Reality IT: An Open Letter to Your Users

Whether through ignorance, blatant disregard for corporate policy or sheer unwarranted self-confidence, users have a boundless ingenuity for screwing things up.

April 4, 2006

4 Min Read

The real problem, in his opinion, is end users. Whether through ignorance, blatant disregard for corporate policy or sheer, unwarranted self-confidence, users have a boundless ingenuity for screwing things up.

Having come up through the ranks myself, I understand the frustration. Like other IT professionals, I have horror stories of user-induced mishaps. Of course, I've also caused a few problems, and it stings my pride when I have to concede defeat and take my laptop to the IT support staff for a fix. Imagine a Nascar driver taking his minivan to the shop. I know my staff snickers (albeit discretely) when I ask for help.

But though we might want to laugh in users' faces or whack them on the nose with a rolled-up newspaper, I reminded my staff to be unfailingly polite. After all, they are professionals, and a major part of their jobs is to babysit--I mean support--these people.

Meanwhile, I wrote this open letter to our users. We can't actually send it for obvious reasons, but at least it'll make my crew members feel better the next time they help someone out of his or her latest self-inflicted jam. Maybe your IT team will appreciate it, too.Dear Corporate Computer User:

Your IT staff at (insert your company name here) really wants to tell you off, so here goes. There is no such thing as a stupid question, but there is such a thing as a stupid user. I'll give you three guesses as to whom that might be.

You users do the most amazing things, which either drive us nuts or give us a good chuckle. We give you these computers, the network and all the related resources, with support, so you can do your jobs. Not so you can fill your hard disk with MP3 files. Not so you can download porn from your home broadband connection onto your work laptop. Not so you can stream basketball games to your desktop. Not so you can play the "I'm a power user and can configure my own system" game.

We scratch our heads when you manage to insert the power cord of your laptop into one of the non-power ports, or when you ask for help with some program you installed that we don't support. We cringe when we hear you left a $2,000 laptop full of sensitive data in a taxi. We love to get your call from the Far Away Inn at 2 a.m. on a Sunday because you forgot to back up that PowerPoint presentation for your big sales pitch.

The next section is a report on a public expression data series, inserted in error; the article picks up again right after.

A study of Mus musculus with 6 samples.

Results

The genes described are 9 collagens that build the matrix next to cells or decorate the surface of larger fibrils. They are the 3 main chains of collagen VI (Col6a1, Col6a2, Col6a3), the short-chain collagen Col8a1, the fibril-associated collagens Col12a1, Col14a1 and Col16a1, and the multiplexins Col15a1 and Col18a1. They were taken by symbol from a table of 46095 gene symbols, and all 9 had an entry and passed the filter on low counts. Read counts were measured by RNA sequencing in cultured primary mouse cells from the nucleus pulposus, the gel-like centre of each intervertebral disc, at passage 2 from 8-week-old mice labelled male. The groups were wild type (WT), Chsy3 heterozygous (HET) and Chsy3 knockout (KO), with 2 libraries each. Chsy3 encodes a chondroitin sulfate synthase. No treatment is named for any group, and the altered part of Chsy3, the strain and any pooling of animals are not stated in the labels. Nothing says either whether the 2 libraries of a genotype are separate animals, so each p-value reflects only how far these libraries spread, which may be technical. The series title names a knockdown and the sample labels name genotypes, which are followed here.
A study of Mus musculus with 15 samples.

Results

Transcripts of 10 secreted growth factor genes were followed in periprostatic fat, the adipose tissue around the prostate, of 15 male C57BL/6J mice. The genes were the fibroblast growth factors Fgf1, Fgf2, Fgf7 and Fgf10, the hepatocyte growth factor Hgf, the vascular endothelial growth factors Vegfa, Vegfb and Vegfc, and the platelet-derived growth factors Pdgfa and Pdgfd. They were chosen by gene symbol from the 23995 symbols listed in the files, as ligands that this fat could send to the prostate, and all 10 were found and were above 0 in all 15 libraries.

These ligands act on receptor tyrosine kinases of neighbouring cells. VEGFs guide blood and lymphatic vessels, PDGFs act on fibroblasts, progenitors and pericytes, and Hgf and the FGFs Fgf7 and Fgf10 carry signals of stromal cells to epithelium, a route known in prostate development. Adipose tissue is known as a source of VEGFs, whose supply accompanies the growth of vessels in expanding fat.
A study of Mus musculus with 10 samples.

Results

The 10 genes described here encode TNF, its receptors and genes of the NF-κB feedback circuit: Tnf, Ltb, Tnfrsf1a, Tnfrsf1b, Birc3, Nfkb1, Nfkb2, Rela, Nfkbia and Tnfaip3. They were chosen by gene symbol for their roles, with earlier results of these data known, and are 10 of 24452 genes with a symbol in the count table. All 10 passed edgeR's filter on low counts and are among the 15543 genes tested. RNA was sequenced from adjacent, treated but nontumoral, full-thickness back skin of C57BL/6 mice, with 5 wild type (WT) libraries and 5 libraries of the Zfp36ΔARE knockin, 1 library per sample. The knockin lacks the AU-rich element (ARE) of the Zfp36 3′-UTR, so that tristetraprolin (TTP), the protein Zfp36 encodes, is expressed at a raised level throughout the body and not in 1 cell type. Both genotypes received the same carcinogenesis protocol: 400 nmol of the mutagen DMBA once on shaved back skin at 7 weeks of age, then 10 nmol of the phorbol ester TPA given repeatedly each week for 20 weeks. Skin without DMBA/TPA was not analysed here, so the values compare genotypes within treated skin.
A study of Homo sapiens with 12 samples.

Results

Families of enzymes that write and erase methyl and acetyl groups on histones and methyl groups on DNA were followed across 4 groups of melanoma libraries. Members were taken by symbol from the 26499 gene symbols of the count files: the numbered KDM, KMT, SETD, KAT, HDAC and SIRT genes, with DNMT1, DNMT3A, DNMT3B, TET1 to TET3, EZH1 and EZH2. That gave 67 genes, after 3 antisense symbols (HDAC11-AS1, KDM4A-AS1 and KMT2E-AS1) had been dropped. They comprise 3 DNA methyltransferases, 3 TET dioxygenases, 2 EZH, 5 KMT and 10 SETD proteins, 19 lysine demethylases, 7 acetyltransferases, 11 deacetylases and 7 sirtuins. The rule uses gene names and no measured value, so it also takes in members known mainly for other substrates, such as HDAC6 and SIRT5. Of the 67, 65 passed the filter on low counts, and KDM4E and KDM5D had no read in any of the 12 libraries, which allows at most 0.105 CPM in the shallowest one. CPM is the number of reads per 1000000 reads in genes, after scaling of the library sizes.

Admittedly, you keep us on our toes. The IT staff must work hard to stay ahead of you. Our network engineers have learned to configure our switches to detect more than one MAC address coming through a port at a time in case you set up your own wireless access point. Our software developers try to anticipate every crazy way you'll find to break our applications. Our IT security manager spends most of his time staying ahead of virus, worm and spyware infections caused by your indiscriminate use of e-mail and the Web.Service With a Smile: We'd like to assure you that this letter won't change our relationship. You can come by the helpdesk after spilling your caramel macchiato all over your laptop without worrying that the staff will make fun of you to your face. We'll just keep doing it behind your back.

And if you're concerned because the IT staff has the know-how to read your e-mail, please don't worry. You keep us too busy for such things, and even if we did have the time, we wouldn't invade your privacy. We do have ethics.

But we would like to offer one parting piece of advice. Don't snap naked pictures of yourself and your spouse, save them on your laptop, and turn that laptop in to the helpdesk for repairs. Your photos won't necessarily show up on the Internet, but the IT staff will never look at you (or your spouse) the same way again.

Hunter Metatek is an enterprise IT director with 15 years' experience in network engineering and management. The events chronicled in this column are based in fact--only the names are fiction. Write to the author at [email protected].